GHANA – The Food and Drugs Authority (FDA), has entreated producers of packaged drinking water to consider full line quality control measures in ensuring their products are free of microbial contaminants.

This comes after recent reports that declared most potable water brands on the market contaminated with faecal coliform.

The FDA said the risk of microbial contamination remains high in both raw and grid sourced water, and therefore producers must install and maintain systems to ensure that microbial pollution was well taken care of.

Addressing producers in the Volta and Oti regions at a workshop in Ho, Mr. Prince Opoku Adutwum, a Senior Regulatory Officer of the FDA, said focus on eliminating microbial contaminants should drive the whole production process along quality control and good management practices.

He said considering the risk of contamination during the production processes, producers would need a food safety management system in place that conforms strictly to legal, regulatory frameworks, and meets customer expectations.

Mr. Adutwum said the production facilities must maintain the best standards in food production, and that control points among other key installations should be functioning at the best capacities.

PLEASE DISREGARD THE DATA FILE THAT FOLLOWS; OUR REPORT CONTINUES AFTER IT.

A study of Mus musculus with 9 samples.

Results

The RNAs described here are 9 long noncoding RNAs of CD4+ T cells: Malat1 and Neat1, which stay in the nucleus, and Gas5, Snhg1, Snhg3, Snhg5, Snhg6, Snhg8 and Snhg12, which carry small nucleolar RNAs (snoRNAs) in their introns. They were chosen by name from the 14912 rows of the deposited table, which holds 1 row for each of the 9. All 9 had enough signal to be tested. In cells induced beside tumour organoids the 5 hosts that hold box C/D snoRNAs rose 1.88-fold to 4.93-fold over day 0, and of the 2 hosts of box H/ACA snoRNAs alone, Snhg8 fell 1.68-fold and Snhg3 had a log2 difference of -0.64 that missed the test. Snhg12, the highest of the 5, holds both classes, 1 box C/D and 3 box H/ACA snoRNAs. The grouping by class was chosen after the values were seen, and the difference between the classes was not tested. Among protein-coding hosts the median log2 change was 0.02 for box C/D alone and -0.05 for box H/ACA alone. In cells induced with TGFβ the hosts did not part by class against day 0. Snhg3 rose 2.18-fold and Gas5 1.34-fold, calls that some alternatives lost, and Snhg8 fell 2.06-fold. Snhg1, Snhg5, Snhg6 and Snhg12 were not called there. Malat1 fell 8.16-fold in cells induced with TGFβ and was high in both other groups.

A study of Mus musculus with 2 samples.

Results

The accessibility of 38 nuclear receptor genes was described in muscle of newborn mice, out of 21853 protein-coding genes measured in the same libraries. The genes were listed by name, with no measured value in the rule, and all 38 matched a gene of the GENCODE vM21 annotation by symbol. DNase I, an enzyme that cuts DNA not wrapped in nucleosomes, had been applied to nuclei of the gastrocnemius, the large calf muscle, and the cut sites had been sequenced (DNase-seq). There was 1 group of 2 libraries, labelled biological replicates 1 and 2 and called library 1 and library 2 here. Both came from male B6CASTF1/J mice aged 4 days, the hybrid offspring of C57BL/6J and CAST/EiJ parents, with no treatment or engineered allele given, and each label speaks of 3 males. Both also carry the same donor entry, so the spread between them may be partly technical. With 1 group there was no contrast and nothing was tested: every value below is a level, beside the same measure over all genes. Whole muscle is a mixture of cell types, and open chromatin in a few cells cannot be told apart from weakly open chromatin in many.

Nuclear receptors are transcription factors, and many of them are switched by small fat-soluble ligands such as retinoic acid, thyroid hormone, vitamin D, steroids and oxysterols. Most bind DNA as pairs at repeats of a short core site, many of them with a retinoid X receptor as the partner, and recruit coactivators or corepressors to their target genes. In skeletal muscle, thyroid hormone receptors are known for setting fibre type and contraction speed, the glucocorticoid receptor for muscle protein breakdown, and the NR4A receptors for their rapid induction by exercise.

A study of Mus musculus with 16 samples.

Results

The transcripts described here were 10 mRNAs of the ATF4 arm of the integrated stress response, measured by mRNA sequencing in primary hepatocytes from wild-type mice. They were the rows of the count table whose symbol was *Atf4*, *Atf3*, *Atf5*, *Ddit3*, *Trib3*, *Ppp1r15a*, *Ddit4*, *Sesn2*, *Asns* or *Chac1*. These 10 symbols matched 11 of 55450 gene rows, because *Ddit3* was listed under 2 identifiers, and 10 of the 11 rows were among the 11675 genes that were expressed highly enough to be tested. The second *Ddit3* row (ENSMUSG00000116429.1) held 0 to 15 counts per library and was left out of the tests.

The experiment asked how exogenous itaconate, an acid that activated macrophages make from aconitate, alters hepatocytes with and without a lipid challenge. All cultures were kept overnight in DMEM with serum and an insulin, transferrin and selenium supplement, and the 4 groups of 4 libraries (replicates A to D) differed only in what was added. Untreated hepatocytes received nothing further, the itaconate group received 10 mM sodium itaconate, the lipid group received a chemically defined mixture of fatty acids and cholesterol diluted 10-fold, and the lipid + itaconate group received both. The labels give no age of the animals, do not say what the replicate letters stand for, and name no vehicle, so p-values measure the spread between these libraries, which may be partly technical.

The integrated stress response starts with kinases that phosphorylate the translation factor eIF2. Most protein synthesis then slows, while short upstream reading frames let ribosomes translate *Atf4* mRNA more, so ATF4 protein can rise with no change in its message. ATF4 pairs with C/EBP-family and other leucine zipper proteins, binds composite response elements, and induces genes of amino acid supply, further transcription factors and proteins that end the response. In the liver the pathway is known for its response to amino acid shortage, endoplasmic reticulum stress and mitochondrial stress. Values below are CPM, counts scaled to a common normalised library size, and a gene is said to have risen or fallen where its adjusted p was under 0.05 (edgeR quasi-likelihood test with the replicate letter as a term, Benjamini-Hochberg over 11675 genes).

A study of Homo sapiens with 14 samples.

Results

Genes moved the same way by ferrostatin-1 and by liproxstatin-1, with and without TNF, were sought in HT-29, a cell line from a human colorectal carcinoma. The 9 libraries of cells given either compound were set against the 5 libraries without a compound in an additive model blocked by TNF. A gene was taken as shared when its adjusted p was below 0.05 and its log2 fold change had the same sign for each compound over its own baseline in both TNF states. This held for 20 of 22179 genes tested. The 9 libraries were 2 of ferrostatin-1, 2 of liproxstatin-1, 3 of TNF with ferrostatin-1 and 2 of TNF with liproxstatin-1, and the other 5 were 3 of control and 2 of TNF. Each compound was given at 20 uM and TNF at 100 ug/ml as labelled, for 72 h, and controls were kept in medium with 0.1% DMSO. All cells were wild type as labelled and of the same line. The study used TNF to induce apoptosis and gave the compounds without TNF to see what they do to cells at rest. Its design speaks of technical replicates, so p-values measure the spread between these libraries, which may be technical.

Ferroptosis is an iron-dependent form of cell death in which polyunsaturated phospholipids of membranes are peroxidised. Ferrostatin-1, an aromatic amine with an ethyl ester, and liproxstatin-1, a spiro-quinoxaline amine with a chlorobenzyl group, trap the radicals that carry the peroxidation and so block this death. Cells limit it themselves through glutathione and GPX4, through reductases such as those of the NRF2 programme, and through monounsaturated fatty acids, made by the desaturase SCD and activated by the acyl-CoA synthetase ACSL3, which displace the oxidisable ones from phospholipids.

He said production systems must be installed, and that filters, ultraviolet anti-microbial systems among other control apparatuses were placed for best output.

“Your system must be fit for purpose. You must get it right the first time,” Mr. Opoku Adutwum told the producers.

The Regulatory Officer said extra measures including supplier quality assurance would also become necessary in ensuring raw materials were of the best quality, and standards aligned with food safety requirements.

He advised producers to scrutinize the production of raw materials by other companies, and work together to ensure safe transportation and handling of inputs including packaging materials, according to News Ghana.

“Quality is built into a product. You must not leave things to chance,” he said, calling for “keen” monitoring of the production systems and processes, and to prioritize regular testing in the standard operating procedures.

Participants were taught to undertake effective quality control and received enhanced knowledge on filtration systems and control point management.

They were also taught on the management of UV lights and counselled to consider them obsolete at half the manufacturer’s estimated burning hours, to help ensure the most effective sterilization.

In addition, they were trained on general management practices, personal hygiene, and integrated pest management.

Mr. Gordon Akurugu, Head of the FDA in the Volta region, said the training would be sustained for its role in the production of wholesome water, and said the Authority would provide the needed monitoring mechanisms to ensure best practices.

He said more than 90 percent of the 420 accredited producers in the Volta and Oti regions sourced ground water, noting a perceived cheaper alternative to the national supplier, and that the Authority was ensuring proper siting of the wells to minimize microbial contamination from toxic environmental history.

“FDA wants to assure customers that they will drink safe water,” he said while stating the Authority’s resolve to weed out uncertified producers of the essential fluid.